Welcome to the webpage of my classes. My courses are designed for a variety of student backgrounds, so feel free to contact me for further information. I can help you decide whether a class fits your needs. Keep in mind that typically my classes have a large project at the end to accommodate a variety of student backgrounds.
Note: All courses are using Blackboard for course delivery and student grading.
Current Semester (Spring 2015)
- Principles of Remote Sensing (4cr) ERE 365/ ERE 565 Sample Syllabus
Description: The class provides a qualitative and quantitative introduction to the fundamentals of acquiring, analyzing and utilizing remote sensing data. It is designed as the first exposure to remote sensing techniques, therefore no prior experience is necessary.
- Digital Image Analysis (3cr) ERE 622 Sample Syllabus
Description: Topics covered in this class include elements of digital image processing and analysis systems: Digital image representation, visual perception, sampling and quantization, pixel connectivity, Fourier transforms, image enhancement, filtering, edge detection, thresholding, morphology, recognition and interpretation. General programming experience and quantitative background are required. Assignments will use Matlab software package, though no prior knowledge of Matlab is required. In addition to the the regular laboratory exercises there are two synthesis labs and a class project. Students are expected to consult with the instructor to ensure that their project meets the course expectations.
- ESF Goes to Space (1cr) ERE 496 Sample Syllabus
Description: A new one credit course to design, build, launch and retrieve a high altitude sensor.
Spatial Analysis (3cr) ERE 621, Syllabus
Description: Topics covered in this course include elements of spatial statistics and modeling as applied to various data formats: single point data, continuous data and area data (if time permits). The triangle visualize-explore-model will be employed with emphasis in the modeling section. Examples of taught methods include: first/second order effects, complete spatial randomness, nearest neighbor and Ripley’s K statistics, tessellation, kernel, covariograms and variograms, and several kriging methods. General programming experience and quantitative background are required. Assignments will use Matlab software package, though no prior knowledge of Matlab is required. Students are expected to consult with the instructor to ensure that their class project meets the course expectations.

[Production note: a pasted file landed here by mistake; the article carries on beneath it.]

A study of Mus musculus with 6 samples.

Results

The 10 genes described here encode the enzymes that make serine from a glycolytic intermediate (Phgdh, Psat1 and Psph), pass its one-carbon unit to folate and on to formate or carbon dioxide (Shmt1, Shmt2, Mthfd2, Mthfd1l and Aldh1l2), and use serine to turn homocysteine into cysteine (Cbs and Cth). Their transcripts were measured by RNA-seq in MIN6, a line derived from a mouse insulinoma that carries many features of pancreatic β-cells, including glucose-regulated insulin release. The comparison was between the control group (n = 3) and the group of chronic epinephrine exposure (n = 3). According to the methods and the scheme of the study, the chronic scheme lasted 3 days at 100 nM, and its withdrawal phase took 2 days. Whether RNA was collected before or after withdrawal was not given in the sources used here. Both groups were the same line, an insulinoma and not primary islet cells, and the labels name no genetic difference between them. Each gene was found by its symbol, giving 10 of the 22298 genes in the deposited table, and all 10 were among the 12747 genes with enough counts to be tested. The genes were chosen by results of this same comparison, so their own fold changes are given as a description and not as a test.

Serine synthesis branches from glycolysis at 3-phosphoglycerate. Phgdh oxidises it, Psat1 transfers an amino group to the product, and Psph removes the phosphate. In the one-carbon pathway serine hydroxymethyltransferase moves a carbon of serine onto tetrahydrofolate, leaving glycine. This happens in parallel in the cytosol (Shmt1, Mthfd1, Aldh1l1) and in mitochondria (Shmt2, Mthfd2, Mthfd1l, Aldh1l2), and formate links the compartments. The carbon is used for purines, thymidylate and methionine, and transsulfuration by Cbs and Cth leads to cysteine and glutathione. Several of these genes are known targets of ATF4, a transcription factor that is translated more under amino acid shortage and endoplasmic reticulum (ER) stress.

- Artificial Intelligence in Geography (1cr) ERE 796
Description: This course focuses on theory and applications of artificial intelligence (AI) methods to geographic problems. Methods discussed include decision trees, fuzzy logic, neural networks (backpropagation, radial basis function, self-organizing maps), genetic algorithms and agent-based modeling. This course is exclusively for graduate students with relevant background.
- Surveying for Engineers (4cr) ERE 371, Sample Syllabus
Description: Many programs at ESF aim at training students in designing solutions to problems associated with managing and developing land resources. A basic tenet of this training is an ability to locate and quantify the resource(s) being managed or problem(s) being solved. In addition professionals involved with the design and construction of facilities must acquire knowledge of construction surveying principles and practices. ERE 371 introduces surveying for these and other tasks associated with engineering or construction management practice.
Introduction to Global Positioning Systems (1cr) ERE 566, Sample Syllabus
Description: Global positioning systems (GPS) provide a means to collect location information for a variety of applications. This course provides an introduction to the theory and practice of performing GPS measurements.
Introduction to Spatial Information (1cr) ERE 553, Sample Syllabus
Description: Many courses at ESF require a fundamental background in spatial information. This course introduces basic spatial terminology and methods for determining and expressing position. The course also considers accuracy and precision in the context of horizontal measurements and explores issues with subsequent use of these measurements for producing maps and performing analysis.